Wednesday, October 25, 2006

Giddy Up

For a few reasons, I have never quite understood people who love horse racing. Maybe my confusion comes from the fact that I don't particularly consider it an actual sport, but rather a stock exchange with horses. It's a given fact that horse racing would not exist if it weren't for gambling. Granted, gambling is involved in every sport, but it's inherent to the mere existence of horse racing. To consider something an actual sport, the competition itself should be able to go off without needing a betting window present. Not only that, I also don't trust any sport where the subject of the race/game/contest has no idea whether they have won or lost. Maybe this is also why I don't like Bode Miller.

Nevertheless, what troubles me the most are people who consider horses to be "athletes." I remember watching Smarty Jones make a run at the Triple Crown a few years and seeing throngs of people in Philadelphia taking pride that Smarty Jones was from Philly. Seriously, people were going nuts because a hometown horse was winning races! They even had THREE separate Smarty Jones days within a 5-week span in Philadelphia. I understand the desperate need to cling to any winner from the city, and Smarty Jones was a better shot at bringing glory before Donovan McNabb or Ryan Howard will probably ever be, but it's a horse! A horse, by the way, that has no idea where its hometown is. Still, the fans of Philly are nothing compared to the thousands upon thousands of people who sent Get Well cards (!) to a horse months ago. It's all pretty mind boggling when you think about it.

And yet, when the Breeder's Cup Juvenile race goes off a week from Saturday, I will find myself rooting for a horse. Not just any horse, but one with my all-time favorite name: UD Ghetto. He dominated the Kentucky Cup at a 17-1 underdog, and it's obvious from his trainer that the horse lives up to the spirit of his name.

"He's got a lot of talent (but is) a handful all the time," Reinstedler said. "You never know what he's going to do."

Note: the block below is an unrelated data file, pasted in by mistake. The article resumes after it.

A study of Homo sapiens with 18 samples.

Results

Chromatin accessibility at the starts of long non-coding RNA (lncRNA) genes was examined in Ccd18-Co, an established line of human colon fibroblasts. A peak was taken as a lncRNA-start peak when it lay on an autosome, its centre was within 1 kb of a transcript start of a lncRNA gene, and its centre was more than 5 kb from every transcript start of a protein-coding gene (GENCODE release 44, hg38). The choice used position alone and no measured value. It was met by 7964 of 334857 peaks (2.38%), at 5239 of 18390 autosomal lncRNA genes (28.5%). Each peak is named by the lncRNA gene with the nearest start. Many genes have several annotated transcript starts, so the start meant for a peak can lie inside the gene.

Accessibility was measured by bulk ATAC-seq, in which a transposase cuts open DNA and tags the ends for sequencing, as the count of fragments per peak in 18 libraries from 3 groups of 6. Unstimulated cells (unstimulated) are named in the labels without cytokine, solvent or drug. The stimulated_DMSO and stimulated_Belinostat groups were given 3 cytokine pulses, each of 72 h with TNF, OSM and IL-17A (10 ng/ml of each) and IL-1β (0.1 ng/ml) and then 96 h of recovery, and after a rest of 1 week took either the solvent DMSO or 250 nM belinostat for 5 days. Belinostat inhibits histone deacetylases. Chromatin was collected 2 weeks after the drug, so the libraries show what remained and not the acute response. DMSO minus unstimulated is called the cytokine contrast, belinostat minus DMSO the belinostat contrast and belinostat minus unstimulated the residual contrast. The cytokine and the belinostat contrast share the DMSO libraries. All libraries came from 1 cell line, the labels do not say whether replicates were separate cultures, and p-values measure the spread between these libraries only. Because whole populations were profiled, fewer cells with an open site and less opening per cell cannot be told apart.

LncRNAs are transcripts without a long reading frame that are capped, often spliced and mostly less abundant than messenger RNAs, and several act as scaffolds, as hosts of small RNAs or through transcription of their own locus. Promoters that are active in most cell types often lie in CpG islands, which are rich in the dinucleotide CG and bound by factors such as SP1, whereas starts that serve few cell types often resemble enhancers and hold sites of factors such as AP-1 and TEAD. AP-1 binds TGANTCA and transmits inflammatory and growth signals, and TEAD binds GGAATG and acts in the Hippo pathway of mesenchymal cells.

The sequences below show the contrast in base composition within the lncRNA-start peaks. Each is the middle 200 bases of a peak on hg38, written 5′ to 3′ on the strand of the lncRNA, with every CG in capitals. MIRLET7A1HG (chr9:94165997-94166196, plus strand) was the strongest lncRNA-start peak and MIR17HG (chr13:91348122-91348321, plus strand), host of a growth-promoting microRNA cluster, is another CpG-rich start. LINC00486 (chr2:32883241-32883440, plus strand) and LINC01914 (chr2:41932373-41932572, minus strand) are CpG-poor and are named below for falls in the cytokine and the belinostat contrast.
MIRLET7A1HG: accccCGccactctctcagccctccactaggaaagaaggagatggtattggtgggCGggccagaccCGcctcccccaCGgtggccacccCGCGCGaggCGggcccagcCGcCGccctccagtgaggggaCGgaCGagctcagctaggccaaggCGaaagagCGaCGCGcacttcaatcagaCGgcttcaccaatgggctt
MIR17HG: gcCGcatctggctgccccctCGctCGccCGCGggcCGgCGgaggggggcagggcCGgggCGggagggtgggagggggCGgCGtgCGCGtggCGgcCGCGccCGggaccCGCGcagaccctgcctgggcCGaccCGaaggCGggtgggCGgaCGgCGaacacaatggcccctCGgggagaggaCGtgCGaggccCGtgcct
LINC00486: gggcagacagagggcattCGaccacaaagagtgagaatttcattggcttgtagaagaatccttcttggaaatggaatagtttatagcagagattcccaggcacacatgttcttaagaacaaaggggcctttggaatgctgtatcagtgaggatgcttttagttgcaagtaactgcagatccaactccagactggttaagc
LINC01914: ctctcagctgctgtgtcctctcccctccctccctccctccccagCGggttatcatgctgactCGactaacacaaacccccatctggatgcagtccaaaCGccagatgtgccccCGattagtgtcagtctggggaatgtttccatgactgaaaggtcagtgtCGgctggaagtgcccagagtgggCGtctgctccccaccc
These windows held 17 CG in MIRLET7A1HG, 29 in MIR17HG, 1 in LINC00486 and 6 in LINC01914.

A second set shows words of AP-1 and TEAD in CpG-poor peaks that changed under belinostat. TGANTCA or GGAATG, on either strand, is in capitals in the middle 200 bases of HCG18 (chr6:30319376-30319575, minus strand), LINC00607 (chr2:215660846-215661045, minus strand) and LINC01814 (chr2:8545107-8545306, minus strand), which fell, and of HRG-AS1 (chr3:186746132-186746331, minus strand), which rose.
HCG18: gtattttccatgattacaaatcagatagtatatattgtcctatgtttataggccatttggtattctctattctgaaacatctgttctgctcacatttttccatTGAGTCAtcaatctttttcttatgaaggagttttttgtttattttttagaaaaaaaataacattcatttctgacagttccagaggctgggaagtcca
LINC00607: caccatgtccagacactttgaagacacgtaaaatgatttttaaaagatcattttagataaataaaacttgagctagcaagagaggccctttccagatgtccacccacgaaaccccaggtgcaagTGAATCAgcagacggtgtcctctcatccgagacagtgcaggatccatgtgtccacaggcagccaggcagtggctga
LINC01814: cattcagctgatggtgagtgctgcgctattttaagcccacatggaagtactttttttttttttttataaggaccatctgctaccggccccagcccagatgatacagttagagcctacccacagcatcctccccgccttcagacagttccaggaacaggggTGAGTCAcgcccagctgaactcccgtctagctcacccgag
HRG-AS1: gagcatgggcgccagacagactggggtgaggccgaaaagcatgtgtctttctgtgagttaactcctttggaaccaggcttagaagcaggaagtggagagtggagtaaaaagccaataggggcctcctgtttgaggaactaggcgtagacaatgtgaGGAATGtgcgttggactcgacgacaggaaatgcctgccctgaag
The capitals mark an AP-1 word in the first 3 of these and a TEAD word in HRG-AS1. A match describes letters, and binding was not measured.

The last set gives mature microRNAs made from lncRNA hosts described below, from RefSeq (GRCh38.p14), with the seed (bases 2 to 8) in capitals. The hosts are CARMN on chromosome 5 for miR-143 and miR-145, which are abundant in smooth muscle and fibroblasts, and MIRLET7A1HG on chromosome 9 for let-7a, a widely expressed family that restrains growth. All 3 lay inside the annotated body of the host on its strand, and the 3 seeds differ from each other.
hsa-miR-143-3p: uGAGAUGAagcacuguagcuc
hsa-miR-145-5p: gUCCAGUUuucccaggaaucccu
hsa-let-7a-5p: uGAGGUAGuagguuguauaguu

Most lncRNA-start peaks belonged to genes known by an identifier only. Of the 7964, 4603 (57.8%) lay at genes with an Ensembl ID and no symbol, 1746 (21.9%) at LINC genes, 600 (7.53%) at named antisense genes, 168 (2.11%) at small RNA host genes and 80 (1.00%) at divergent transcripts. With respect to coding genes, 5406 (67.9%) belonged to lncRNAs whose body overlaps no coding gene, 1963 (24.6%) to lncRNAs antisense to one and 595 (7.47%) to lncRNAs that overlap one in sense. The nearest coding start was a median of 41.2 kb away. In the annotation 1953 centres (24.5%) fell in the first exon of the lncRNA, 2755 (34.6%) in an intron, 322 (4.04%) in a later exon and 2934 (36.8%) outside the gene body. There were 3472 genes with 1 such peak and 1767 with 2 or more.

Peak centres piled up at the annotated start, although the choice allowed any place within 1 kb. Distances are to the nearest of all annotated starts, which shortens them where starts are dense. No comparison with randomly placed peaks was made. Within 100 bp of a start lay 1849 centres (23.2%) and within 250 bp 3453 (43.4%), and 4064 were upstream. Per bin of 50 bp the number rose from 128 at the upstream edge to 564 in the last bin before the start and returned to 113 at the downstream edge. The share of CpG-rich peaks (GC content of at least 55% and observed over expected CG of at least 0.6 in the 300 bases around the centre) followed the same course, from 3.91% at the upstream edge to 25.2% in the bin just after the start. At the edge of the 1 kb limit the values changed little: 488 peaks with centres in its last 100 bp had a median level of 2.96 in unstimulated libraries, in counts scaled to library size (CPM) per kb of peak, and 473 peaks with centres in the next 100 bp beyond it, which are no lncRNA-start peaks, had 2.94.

That statement can be copied verbatim to apply to any participant in a Ghetto 9-hole or Hairy Buff party.

So on November 4th, I will be rooting UD Ghetto, possibly with a Beast in hand just for old time's sake. I will be cheering with personal interest for a horse that couldn't care less about winning, and has no idea of the rich heritage that inspired his name. And God forbid, if that horse gets hurt, my get well card will be on the way.

UD Ghetto

D Ghetto

1 comment:

Tom said...

Hi Dirk,

As a fellow UD alum, and horse racing aficionado, I read your post with interest. A few thoughts.

While gambling is obviously a huge part of Thoroughbred racing, horses the competition that you see on the track has nothing to do with money for the competitors themselves. These athletes run because they love to run.

I believe Thoroughbreds are athletes because they compete based on performance. They are clearly aware of the training patterns that lead up to race day and the rituals that signal to them that they are about to go to the post. They know what's going on. The excitement of horses in the paddock on Breeders' Cup day is palpable. These are champions who've beaten others and earned the right to compete with the best. Listening to jockeys talk about the differences in temperaments between horses is enlightening.

Ever see a horserace up close? Amazing exhibition of power and will. Two Thoroughbreds pounding down the stretch, neck and neck, is stirring...they love to race for reasons going deep into their genetic heritage. Watch their eyes as they run...there's something extraordinary going on there.

And, while we're at it, why do you think people respond to horses they way we do? Sending get well cards and such? I think we see something noble there that touches us pretty deeply.

I'll be at Churchill Downs on November 4 and will definitely put a couple of bucks on UD Ghetto for sentimental reasons. More than anything, though, I'll be enjoying the spectacle. You may not understand it, but that horse will care as much about winning as the punters holding pari mutuels.